When Chicago State University administrator James Crowley was going to turn over documents, he thought he was following the law. When others stepped in to stop him, eventually leading to him being fired, he thought something was wrong. Now the Illinois Appellate Court has upheld his whistleblower case, with damages of over $3 million.
James Crowley was an administrator at the state university, and former university attorney. Under the Illinois open records law, a faculty member had requested certain documents about Chicago State University President Wayne Watson. Crowley was obligated to turn over the requested documents. However, others in the university system, including Watson, had other plans for the information and Crowley.
The Illinois Freedom of Information Act is a statute that governs the inspection of public records. First enacted in 1984, the Act presumes that public records should be open and accessible. All public bodies are required to make their public records available for inspection, including state universities and colleges. Available records include “full and complete information regarding the affairs of government and the official acts and policies of those who represent them.”
In Crowley's whistleblower lawsuit, he alleged that the university retaliated against him after he refused to withhold certain documents, and for reporting his concerns about the information and contracting practices to the Attorney General's Office. After a trial, a jury found for Crowley, awarding him over $3 million in back pay, interest, and punitive damages. The court also ordered Crowley to be reinstated to his former position.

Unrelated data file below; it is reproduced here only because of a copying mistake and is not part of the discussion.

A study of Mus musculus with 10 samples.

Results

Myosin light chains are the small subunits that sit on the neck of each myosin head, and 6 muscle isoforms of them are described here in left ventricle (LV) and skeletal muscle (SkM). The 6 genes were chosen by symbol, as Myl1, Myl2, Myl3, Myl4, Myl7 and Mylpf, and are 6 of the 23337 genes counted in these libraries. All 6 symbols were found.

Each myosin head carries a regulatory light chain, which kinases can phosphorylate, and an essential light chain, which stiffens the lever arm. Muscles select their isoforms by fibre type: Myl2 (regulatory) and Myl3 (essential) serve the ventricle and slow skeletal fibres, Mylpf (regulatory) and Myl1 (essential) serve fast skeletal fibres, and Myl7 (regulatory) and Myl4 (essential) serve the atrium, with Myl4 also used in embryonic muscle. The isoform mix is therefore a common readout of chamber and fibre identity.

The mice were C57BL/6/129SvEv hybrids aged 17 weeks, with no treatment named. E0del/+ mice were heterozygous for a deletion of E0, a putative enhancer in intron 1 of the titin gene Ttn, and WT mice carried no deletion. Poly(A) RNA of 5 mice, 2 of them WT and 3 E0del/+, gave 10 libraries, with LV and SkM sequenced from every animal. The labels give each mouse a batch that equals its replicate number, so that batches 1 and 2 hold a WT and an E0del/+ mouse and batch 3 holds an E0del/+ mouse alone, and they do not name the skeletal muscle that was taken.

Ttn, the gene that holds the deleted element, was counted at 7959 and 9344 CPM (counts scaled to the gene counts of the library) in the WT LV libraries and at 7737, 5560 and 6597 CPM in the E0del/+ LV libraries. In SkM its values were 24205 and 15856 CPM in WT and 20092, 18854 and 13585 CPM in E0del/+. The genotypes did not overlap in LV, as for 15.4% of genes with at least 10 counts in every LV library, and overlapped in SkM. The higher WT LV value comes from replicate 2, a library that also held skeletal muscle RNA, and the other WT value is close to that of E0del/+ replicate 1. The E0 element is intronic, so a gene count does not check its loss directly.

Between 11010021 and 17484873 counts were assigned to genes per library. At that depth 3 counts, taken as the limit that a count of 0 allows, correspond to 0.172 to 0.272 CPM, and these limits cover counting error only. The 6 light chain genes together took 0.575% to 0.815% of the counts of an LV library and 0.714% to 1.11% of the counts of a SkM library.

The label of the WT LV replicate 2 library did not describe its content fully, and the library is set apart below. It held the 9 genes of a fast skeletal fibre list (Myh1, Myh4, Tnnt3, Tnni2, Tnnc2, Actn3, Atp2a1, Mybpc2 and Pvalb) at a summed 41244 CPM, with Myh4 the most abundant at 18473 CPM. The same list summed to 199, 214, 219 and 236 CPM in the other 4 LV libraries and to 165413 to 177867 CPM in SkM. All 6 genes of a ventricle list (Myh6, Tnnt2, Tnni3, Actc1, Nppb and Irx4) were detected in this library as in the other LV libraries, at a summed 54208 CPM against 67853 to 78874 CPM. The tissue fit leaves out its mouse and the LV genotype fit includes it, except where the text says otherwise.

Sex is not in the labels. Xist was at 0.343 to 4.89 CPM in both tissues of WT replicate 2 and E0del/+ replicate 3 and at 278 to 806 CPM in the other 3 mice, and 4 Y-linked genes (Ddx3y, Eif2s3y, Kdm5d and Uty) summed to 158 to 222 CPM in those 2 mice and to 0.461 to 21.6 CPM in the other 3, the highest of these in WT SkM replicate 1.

After an appeal, the Appellate Court upheld the trial court's decision. They found that punitive damages are available under the Illinois Ethics Act, and denied the university's position that they were immune from punitive damages. The court went further to openly criticize the behavior of the defendants in this case, calling their behavior “thoroughly reprehensible,” accusing them of acting with malice and deceit.
"Defendants did whatever they could to protect Watson's reputation, and they did it at Crowley's expense,” wrote Judge Terrence J. Lavin in a unanimous decision. “Rather than acknowledge Watson inappropriately got involved in university business affairs before he had officially started, CSU instigated a campaign designed to both economically harm Crowley and to inflict psychological distress upon him.”
“I think it sends an important message to the Illinois residents that we can do the right thing, hold our public officials accountable and be confident that we are protected by the law,” said Crowley.
Needless to say, Chicago State University was not happy with the decision, and plans to appeal the case to the Illinois Supreme Court.
As part of their argument, university attorneys argued that the public university system was strapped for cash, due to the budget crisis. Judge Smith was not persuaded, and told the attorney to “stick to the case.” Meanwhile, Watson officially ended his position with the university on December 31st; however, he continues to be paid his annual salary of about $200,000 until his contract ends this summer.
If you are being harassed for speaking out about unethical behavior in your place of employment, the Illinois whistleblower laws may protect you from retaliation. Speak with an experienced Illinois whistleblower attorney who understands your rights, and will fight to protect your job, your position, and your reputation. At Benassi & Benassi, we are committed to getting our clients and their families the justice they deserve.